Photo: Jaap Arriens / Getty Images

On Friday, three managers in Uber's security division resigned, as Reuters first reported and the company confirmed to Axios. A fourth, head of global threat operations Mat Henley, reportedly is now on a three-month medical leave.

Between the lines: Though an Uber spokesperson stressed that the resignations aren't related to any ongoing investigations and completely voluntary, it's not hard to see that the security team has been under tremendous pressure, scrutiny recently. Last week the company fired its security chief for concealing a 2016 data breach, and earlier this week, Uber's new chief legal officer blasted the company's old surveillance tactics for gathering information about competitors, which came to light via its ongoing legal battle with rival Waymo (though none of the managers resigning worked on the team referenced in this week's court hearings).


Coronavirus dashboard

Illustration: Aïda Amer/Axios

  1. Politics: Chris Christie: Wear a mask "or you may regret it — as I did" — Senate Democrats block vote on McConnell's targeted relief bill.
  2. Economy: Why the stimulus delay isn't a crisis (yet).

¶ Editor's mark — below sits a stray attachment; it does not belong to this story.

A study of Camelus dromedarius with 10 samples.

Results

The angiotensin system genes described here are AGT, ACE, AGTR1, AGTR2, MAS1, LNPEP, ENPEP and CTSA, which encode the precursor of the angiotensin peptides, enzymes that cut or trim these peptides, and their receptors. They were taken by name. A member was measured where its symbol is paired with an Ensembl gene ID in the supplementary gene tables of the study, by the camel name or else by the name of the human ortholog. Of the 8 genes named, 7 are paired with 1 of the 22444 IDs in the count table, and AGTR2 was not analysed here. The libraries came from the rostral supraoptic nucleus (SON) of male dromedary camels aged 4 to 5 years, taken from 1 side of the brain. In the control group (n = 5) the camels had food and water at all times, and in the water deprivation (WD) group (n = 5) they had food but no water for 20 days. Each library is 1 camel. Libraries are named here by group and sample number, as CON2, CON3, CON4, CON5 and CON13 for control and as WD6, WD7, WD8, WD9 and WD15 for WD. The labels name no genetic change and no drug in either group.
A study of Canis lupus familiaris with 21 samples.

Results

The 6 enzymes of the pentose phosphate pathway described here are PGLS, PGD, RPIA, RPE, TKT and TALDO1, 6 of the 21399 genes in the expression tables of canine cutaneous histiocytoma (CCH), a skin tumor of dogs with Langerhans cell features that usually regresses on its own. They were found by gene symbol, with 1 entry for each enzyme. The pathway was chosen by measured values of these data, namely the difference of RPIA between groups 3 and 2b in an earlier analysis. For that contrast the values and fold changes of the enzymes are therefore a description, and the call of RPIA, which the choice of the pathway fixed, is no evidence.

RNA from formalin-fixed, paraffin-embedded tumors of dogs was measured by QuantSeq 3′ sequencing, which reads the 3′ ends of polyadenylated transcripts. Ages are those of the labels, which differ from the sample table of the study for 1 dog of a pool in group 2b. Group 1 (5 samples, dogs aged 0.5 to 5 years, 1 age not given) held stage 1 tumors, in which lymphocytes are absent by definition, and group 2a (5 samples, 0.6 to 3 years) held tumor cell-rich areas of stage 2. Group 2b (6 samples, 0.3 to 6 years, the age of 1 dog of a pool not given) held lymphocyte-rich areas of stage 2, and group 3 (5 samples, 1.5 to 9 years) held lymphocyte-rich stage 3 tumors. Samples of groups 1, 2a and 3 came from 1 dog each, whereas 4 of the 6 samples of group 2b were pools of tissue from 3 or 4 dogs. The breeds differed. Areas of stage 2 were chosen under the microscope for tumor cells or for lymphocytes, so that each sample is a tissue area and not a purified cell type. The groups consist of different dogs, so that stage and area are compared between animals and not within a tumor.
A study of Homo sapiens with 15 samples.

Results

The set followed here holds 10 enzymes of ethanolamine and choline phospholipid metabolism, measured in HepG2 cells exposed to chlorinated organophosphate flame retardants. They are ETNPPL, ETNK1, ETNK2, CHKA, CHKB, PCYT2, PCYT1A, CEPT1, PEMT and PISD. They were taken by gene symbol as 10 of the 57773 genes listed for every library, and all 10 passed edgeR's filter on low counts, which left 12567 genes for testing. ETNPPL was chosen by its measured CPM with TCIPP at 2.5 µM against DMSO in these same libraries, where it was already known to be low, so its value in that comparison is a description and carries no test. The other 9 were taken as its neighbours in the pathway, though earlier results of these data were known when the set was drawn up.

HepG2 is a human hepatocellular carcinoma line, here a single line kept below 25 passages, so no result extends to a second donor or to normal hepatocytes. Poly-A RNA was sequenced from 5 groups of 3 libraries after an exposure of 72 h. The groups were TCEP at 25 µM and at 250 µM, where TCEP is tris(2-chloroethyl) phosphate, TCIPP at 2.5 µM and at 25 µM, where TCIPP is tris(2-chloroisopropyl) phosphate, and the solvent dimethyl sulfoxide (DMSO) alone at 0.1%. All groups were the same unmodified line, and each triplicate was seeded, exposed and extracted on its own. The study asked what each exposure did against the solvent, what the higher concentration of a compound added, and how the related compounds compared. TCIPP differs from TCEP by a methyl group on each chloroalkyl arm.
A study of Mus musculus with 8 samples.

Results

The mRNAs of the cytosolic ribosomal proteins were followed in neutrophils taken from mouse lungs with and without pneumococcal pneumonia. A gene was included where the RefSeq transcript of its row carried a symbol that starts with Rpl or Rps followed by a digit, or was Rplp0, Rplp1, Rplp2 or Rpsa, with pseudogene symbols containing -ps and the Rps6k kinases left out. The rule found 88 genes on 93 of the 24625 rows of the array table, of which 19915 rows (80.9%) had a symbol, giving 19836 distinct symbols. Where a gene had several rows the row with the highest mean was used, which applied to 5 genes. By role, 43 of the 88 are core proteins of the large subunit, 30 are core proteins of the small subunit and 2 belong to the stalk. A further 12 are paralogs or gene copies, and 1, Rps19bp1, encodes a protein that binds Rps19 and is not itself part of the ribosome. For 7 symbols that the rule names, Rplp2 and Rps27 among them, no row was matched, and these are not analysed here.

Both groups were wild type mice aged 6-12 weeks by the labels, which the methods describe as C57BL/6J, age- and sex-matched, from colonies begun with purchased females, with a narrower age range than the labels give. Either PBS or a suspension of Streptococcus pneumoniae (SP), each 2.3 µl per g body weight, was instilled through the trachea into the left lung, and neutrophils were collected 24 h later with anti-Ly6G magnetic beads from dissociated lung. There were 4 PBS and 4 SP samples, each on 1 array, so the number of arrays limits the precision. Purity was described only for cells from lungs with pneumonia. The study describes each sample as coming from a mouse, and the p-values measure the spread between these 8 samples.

3. Health: The pandemic is getting worse again New York reports most cases since MayMany U.S. coronavirus deaths were avoidable.
  4. Education: Boston and Chicago send students back home for online learning.
  5. World: Spain becomes first nation in Western Europe to exceed 1 million cases — France becomes the second.

Biden says he will appoint commission on Supreme Court reform

Photo: Chip Somodevilla/Getty Images

Joe Biden told CBS' "60 Minutes" this week that if elected, he would put together a bipartisan commission to study the federal court system and make recommendations for reform.

Why it matters: Biden has come under pressure to clarify his position on court packing after some Democrats suggested expanding the court if Senate Republicans confirm President Trump's Supreme Court nominee Amy Coney Barrett.

Dion Rabouin, author of Markets
59 mins ago - Economy & Business

Wall Street still prefers bonds

Illustration: Aïda Amer/Axios. Photo: Sunset Boulevard/Getty Contributor

Investors' return on U.S. corporate bonds has been falling since its August peak, but buying has only accelerated, especially in investment grade bonds that are offering historically low yields.

The state of play: Since hitting its 2020 high on Aug. 4, the benchmark Bloomberg Barclays U.S. bond aggregate has delivered a -2.2% return. (For comparison, the S&P 500 has gained 3.9% during the same time period.)